Creating a malaria test for ancient human remains
Jim Shelton / Yale University
A new method for isolating hemozoin from archaeological bone involves scraping material from bone marrow and later grinding it to a fine texture for analysis. (Photo by Michael S. Helfenbein)
Ancient malaria patients, the anthropologist will see you now.
A Yale University scientist has developed a promising new method to identify malaria in the bone marrow of ancient human remains. It is the first time researchers have been able to establish a diagnostic, human skeletal profile for the disease, which is transmitted by mosquitoes and continues to infect millions of people a year.
The new process may allow scientists to track the spread of malaria back to its first appearance in human populations. The method, which works effectively on bones resistant to previous forms of testing, also may be applicable to other diseases.
“The data set we build with this will be revolutionary for establishing the epidemiological curve for malaria in ancient societies,” said Jamie Inwood, a Yale graduate student in archaeology who led the research team. “By understanding how this parasite reacted to societal shifts in the past, we can aid in predicting its future behavior. We can understand the way it has evolved.”
Inwood and her colleagues spent several years identifying chemical and spectral indicators for malaria in archaeological bones. Specifically, they looked for the polymer hemozoin, which is produced by the parasite that causes malaria.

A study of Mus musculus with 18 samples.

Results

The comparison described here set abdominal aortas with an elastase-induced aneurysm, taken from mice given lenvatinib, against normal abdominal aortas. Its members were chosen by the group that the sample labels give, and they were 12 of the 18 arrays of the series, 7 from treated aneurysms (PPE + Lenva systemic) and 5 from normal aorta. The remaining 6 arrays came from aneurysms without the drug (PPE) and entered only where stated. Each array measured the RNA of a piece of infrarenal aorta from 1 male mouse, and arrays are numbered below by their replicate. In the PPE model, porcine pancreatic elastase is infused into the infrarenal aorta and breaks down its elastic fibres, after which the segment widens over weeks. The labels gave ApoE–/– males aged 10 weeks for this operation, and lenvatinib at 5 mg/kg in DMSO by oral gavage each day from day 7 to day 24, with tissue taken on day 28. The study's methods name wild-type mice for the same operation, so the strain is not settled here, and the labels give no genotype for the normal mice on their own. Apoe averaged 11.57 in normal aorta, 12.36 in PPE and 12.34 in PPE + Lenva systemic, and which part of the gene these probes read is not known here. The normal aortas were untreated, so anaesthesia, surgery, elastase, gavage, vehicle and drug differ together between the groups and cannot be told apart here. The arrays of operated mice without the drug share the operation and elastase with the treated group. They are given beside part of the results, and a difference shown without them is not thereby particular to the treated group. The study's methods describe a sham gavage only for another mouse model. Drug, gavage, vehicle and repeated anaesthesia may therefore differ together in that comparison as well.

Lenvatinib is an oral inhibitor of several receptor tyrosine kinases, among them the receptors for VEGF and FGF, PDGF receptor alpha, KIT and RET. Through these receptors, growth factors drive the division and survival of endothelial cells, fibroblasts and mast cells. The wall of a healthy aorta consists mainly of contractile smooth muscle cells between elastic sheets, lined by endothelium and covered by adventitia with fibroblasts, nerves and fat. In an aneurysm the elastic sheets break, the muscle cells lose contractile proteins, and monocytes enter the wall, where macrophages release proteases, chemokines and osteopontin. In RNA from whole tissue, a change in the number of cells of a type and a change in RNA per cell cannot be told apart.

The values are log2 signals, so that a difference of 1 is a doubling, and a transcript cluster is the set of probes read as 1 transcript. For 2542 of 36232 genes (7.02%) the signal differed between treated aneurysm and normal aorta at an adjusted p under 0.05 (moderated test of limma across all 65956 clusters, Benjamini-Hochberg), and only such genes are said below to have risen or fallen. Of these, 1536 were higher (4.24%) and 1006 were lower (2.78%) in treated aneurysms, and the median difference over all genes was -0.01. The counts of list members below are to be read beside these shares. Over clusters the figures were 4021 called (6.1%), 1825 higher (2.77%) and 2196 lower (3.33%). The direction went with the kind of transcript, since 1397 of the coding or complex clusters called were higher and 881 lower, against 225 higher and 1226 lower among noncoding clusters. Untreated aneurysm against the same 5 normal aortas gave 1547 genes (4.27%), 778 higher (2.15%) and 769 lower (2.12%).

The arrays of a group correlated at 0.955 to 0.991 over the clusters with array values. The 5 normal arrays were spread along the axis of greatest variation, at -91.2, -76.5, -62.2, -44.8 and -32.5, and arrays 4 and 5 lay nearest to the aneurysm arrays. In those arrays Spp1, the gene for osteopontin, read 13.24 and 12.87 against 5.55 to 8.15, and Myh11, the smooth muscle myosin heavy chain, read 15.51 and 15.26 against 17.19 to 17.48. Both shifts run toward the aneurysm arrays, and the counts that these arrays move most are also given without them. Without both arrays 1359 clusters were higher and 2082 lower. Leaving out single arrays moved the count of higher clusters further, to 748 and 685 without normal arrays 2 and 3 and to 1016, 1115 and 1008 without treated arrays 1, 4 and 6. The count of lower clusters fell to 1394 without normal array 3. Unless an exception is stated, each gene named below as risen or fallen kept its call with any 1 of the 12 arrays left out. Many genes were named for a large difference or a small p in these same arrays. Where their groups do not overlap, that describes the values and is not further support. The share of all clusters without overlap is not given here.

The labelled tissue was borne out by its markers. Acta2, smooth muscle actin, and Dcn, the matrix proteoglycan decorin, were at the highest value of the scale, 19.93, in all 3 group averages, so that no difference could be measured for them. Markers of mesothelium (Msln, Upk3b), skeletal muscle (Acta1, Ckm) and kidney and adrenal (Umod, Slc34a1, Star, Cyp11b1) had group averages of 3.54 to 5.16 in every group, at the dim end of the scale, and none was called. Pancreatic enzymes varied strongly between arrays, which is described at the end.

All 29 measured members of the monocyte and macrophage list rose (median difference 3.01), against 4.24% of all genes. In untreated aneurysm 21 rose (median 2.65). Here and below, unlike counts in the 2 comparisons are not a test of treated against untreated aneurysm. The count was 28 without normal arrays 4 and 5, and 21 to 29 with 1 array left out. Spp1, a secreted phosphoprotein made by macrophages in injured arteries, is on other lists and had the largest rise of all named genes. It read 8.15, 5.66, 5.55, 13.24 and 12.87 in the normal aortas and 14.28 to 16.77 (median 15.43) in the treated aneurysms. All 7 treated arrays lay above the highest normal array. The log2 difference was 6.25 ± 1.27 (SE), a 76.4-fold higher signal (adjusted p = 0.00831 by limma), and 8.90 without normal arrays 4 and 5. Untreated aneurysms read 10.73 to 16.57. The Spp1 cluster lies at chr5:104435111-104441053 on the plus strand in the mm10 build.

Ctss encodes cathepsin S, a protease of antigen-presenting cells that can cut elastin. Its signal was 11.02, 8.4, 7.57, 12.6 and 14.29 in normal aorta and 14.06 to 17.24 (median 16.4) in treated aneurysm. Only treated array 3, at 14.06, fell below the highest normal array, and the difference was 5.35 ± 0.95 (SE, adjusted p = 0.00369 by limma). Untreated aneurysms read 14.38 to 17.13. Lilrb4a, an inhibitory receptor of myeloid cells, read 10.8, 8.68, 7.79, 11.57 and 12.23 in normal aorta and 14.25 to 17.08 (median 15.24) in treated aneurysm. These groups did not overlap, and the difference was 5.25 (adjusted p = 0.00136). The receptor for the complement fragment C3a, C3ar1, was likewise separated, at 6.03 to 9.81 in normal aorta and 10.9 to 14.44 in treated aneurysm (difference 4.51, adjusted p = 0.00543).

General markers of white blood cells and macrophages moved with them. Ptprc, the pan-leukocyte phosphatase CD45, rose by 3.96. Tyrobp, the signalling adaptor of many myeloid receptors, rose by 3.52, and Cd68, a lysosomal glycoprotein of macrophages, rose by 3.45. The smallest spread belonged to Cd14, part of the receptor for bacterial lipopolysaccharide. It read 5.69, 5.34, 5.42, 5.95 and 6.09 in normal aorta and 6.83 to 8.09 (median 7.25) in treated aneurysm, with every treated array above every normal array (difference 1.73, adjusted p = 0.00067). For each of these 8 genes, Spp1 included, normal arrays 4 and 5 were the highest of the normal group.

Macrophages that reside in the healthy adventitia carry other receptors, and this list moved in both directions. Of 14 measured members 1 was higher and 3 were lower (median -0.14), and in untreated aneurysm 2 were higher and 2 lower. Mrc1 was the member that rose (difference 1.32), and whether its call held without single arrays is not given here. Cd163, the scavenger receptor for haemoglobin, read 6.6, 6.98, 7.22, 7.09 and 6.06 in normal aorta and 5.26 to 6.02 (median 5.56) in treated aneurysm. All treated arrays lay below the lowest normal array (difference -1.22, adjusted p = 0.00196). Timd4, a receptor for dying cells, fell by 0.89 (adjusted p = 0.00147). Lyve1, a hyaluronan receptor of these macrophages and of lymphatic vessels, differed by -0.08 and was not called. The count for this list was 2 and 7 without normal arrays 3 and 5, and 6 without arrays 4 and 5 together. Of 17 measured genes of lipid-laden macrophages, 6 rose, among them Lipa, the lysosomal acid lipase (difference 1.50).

The technique is more effective than other methods of analysis, such as pathogen aDNA extraction, which often produce inconclusive results and are difficult to conduct when poor preservation conditions are a factor.
However, the aDNA method did help Inwood find an archaeological site to test her new technique. A previous research team led by University of Arizona archaeologist David Soren had arranged for aDNA testing of human remains from 550 A.D. at Lugnano in Teverina, Italy. Soren provided Inwood with bone samples from the site — representing roughly 100 infants and toddlers in a cemetery within a destroyed Roman villa. These had been interred with heavy roof tiles to weigh them down.
“Researchers from the University of Arizona had found burial practices that were throwbacks to pagan rituals,” Inwood said. “It was suspected there must have been an epidemic in the community that caused fever or fits.”
Using femur and humerus bone samples from the site, Inwood confirmed the presence of black, crystalline hemozoin clumps in the bone marrow. She and her team worked at Yale’s archaeohistology laboratory, where they scraped the hemozoin from bone marrow and used X-ray defraction to identify it.
Hemozoin “dances” under the microscope, she said.
Later this spring, Inwood will return to Lugnano in Teverina for a ceremony with Soren and local officials, to honor the memory of the deceased and acknowledge the new information about what happened long ago. She and her colleagues said understanding the past is essential to the continuing human struggle against malaria around the world.
“There is a constant evolution of this disease, because of changes in human populations and changes in the medicines we use to treat it,” said Roderick McIntosh, a professor of anthropology at Yale. “Knowing the history of the mechanisms by which malaria evolves is a very good thing. We want to put together enough data for a timeline of malaria in humans.”
In order to do so, Inwood expects to do some traveling. In particular, she said, she has begun to amass data from archaeological sites in West Africa. She also will refine a set of methodology guidelines that can be adopted by other researchers using diagnostic techniques to look for disease markers in ancient bones.
Despite the age of the remains, she said, the need for such information is contemporary and quite urgent. “That is the reason this work has been initiated,” Inwood said. “In the case of malaria, it is a battle.”